Vermilion was first made from the mineral cinnabar, mercury sulfide, but was subsequently produced synthetically. First used in 7000–8000BC, it was highly prized in ancient Rome and was the principal red pigment used by European painters during the Renaissance until the 20th century, when it was finally superseded by the cheaper and safer cadmium red.
In 2005, Katrien Keune and Jaap Boon of the FOM Institute for Atomic and Molecular Physics in Amsterdam proposed that chlorine salts in the air catalysed the photodecomposition of mercury sulfide into elemental mercury, which appears black in thin layers.1 Mercury, however, is extremely difficult to detect because, as a liquid metal, it does not have a regular crystal structure to diffract radiation, making it invisible to x-ray diffraction and absorption spectroscopy.
Back to black
To investigate this hypothesis, researchers at the University of Antwerp dipped a piece of platinum covered with vermilion into an aqueous solution of chloride ions and then irradiated it with laser light. Sure enough, it turned black. By applying a voltage to the blackened pigment, they found that mercury ions were released into the solution.2 The voltage needed to achieve this was exactly the voltage required to liberate mercury ions from metallic mercury.
In parallel, European researchers led by theoretician Fabiana Da Pieve, of the University of Antwerp and Vrije Universiteit Brussel, used density functional theory and other theoretical techniques to calculate how mercury might end up on the surface of degraded paint. They confirmed that mercury sulfide ought to attract chlorine atoms from chloride salts commonly found in humid air.3 They concluded, however, that even in the presence of these, the photons absorbed by vermilion would have insufficient energy to cause direct decomposition of the mercury sulfide into elemental mercury.
They calculated that the chlorine atoms could, however, be absorbed into the mercury sulfide lattice, forming the mineral corderoite (Hg3S2Cl2). The oxygen in the air could react with this to form sulfur dioxide, leaving behind an unstable defect in the corderoite lattice that, when hit by a photon, would collapse, releasing an atom of metallic mercury. Furthermore, the mineral calomel (Hg2Cl2) left behind can then dissociate to yield more metallic mercury.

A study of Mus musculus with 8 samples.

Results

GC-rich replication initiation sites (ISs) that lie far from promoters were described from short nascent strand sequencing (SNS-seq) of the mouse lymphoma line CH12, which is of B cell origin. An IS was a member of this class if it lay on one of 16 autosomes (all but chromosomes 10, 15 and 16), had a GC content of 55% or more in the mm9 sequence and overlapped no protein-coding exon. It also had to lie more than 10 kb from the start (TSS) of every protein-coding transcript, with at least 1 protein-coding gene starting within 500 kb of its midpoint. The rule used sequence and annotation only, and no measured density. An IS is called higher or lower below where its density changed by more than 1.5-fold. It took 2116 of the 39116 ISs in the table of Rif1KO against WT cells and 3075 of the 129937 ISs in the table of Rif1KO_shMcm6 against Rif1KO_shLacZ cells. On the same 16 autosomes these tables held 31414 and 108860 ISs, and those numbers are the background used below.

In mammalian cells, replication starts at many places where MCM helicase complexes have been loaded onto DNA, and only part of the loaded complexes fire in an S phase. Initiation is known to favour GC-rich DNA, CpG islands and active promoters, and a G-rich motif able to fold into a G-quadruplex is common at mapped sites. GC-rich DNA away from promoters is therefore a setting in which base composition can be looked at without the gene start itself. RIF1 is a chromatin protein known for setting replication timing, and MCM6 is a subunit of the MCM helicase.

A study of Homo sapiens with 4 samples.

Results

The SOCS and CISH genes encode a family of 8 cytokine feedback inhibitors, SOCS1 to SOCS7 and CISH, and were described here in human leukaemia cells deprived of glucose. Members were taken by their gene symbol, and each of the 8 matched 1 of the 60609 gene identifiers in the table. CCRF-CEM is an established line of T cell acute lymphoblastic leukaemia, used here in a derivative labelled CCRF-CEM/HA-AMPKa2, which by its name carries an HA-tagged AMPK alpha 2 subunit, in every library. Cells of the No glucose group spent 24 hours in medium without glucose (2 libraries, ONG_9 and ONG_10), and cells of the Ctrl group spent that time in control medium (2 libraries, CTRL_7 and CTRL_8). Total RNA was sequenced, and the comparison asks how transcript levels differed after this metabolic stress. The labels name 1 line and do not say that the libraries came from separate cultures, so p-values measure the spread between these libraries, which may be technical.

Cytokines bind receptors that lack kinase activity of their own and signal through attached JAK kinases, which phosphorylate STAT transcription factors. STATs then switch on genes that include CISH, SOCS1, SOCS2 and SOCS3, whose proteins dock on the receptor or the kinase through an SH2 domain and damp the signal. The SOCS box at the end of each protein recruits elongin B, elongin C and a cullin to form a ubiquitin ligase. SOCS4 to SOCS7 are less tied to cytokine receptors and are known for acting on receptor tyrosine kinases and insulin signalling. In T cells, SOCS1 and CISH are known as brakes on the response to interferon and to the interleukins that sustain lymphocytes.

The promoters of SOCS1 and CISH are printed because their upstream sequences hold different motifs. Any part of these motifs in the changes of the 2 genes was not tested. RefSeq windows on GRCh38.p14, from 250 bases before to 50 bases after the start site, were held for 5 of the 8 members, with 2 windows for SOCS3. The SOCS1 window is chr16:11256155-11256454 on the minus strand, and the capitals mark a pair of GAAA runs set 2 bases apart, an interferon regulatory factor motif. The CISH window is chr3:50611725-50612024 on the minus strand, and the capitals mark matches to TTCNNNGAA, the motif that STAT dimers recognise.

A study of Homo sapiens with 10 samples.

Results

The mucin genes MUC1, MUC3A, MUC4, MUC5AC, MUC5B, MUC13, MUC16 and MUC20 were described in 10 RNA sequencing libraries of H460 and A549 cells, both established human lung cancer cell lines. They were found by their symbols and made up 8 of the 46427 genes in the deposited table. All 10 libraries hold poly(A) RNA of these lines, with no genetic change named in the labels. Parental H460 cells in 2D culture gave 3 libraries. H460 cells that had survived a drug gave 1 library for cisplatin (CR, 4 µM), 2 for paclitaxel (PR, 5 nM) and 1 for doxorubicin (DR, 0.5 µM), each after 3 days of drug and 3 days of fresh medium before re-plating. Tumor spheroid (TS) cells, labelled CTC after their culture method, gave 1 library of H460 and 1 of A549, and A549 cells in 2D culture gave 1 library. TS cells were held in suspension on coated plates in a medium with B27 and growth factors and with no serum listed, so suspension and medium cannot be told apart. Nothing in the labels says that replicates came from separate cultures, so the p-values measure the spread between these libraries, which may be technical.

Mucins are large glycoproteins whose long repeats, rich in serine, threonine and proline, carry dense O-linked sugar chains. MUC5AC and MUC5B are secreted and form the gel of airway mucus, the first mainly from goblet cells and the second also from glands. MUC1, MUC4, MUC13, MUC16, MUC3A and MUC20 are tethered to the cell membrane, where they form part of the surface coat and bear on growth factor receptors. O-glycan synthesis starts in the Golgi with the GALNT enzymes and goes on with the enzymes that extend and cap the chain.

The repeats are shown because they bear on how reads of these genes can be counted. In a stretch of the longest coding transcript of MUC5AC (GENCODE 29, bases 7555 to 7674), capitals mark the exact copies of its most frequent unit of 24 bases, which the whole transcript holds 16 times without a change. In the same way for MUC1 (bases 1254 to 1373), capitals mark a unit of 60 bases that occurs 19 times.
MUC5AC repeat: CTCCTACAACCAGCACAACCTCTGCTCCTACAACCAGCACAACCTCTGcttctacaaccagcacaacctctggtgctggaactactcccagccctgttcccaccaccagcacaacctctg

To confirm this, the researchers looked at micrometre-scale samples of degraded vermilion paint from murals in the Monastery of Pedralbes in Catalonia. High-resolution x-ray diffraction showed that a layer of corderoite lay on top of the original mercury sulfide, and on top of this was a layer of calomel, implying that each layer had formed from chemical degradation of the layer beneath it. ‘At the very top there should have been mercury,’ explains Da Pieve, ‘but mercury itself cannot be detected by this technique unless you do it at very low temperatures.’
Boon is impressed by the experimental demonstration, but he remains unconvinced that the multi-stage theoretical model is applicable in all cases. ‘As far as I can tell they say that the chloride is there in much larger amounts,’ he says, ‘and maybe that explains why the mechanism that they are proposing might work in their case [of the Monastery of Pedralbes].’ In some paintings kept in controlled environments, however, he still believes the chlorine is likely to be only a catalyst. ‘Some really good chemical work is now necessary,’ he says.
Da Pieve hopes that a fuller understanding of the processes leading to vermilion degradation may, in time, lead to art galleries being able to prevent it or slow it down by, for example, excluding certain frequencies of light from museum and art galleries' lights. ‘I guess they already use lights of specific frequencies,’ she says, ‘but it could help to choose those frequencies in a better way.’